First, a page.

I was talking to an automotive detailer yesterday who said they were trying to fill up their schedule so they discounted their normal detail package from $135 to $60.  They said they filled their schedule quickly, but they had a feeling that these customers probably wouldn’t come back.

And they are probably right.

There are a few issues with this strategy.

  1. Don’t confuse being busy with being profitable.  While he stated that he was trying to fill his schedule, one $135 detail pays over double two $60 details.  Their marketing budget would be better spent trying to find more $135 clients.
  2. As he already guessed, the customer that wants a $60 detail is not the same as the one who wants the $135 detail.  $135 is 125% more than $60.  That’s a completely different price point.  These more price sensitive customers won’t come back when the price goes back to the regular $135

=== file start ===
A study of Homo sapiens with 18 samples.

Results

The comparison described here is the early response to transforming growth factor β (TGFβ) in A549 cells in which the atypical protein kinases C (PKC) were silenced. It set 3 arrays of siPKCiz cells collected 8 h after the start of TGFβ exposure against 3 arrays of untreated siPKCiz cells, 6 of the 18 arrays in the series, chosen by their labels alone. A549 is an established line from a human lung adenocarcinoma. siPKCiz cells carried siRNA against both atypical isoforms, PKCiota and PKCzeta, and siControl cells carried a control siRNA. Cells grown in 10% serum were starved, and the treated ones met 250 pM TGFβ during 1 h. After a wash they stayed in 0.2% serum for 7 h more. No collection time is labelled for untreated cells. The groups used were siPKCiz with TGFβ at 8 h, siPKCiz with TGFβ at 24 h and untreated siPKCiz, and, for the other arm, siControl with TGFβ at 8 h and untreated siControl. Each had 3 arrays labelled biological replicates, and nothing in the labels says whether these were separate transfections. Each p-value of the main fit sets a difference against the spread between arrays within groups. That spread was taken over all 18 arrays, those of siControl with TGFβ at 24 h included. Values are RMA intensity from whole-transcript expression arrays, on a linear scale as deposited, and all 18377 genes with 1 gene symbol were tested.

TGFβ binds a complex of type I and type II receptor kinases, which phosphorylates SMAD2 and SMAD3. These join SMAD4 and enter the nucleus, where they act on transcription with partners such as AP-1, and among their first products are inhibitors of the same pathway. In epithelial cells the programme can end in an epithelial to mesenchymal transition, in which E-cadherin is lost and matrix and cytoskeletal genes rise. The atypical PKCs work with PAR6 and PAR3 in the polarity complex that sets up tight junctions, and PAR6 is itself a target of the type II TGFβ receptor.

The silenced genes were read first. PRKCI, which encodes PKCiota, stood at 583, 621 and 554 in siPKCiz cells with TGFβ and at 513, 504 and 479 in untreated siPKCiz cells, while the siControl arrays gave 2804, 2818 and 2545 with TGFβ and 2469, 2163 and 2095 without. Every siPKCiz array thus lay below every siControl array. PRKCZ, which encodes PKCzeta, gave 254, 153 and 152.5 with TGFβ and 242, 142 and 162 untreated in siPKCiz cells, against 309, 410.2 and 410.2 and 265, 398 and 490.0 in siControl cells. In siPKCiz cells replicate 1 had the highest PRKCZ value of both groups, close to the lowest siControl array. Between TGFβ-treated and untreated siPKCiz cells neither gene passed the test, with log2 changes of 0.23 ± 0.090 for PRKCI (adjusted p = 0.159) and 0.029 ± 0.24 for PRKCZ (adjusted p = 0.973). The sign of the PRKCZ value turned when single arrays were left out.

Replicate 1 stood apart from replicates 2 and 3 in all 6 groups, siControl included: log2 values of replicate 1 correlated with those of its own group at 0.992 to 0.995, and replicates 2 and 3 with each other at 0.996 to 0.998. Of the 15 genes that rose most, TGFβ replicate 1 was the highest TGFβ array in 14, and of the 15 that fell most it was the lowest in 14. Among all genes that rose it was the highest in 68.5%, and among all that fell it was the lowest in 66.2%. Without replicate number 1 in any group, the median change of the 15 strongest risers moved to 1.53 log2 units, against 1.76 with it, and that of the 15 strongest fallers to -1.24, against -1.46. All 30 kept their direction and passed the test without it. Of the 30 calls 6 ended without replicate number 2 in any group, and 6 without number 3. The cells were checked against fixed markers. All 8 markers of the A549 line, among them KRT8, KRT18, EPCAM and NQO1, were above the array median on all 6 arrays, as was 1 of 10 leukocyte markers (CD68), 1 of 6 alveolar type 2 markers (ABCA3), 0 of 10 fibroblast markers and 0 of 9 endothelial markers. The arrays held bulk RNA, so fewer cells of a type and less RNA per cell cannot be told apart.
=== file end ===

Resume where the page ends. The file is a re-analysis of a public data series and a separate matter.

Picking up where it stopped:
3. A huge discount like that risks alienating his existing customers.  If the regular $135 customers learn about the $60 promotion they are going to be upset that they are paying way more than double for  the same work.  They will likely either ask for a discount in the future.  Or look for a different detailer.
  4. The profit is in the margin.  At $60 I’m not sure they are even covering their base costs, like rent, electricity, and labor.  Plus materials for each job.

While there might be a case for filling your schedule to help cover your costs, there are definitely downsides to this strategy.

Next time we will look at other pricing options that work better to increase your revenue and profits.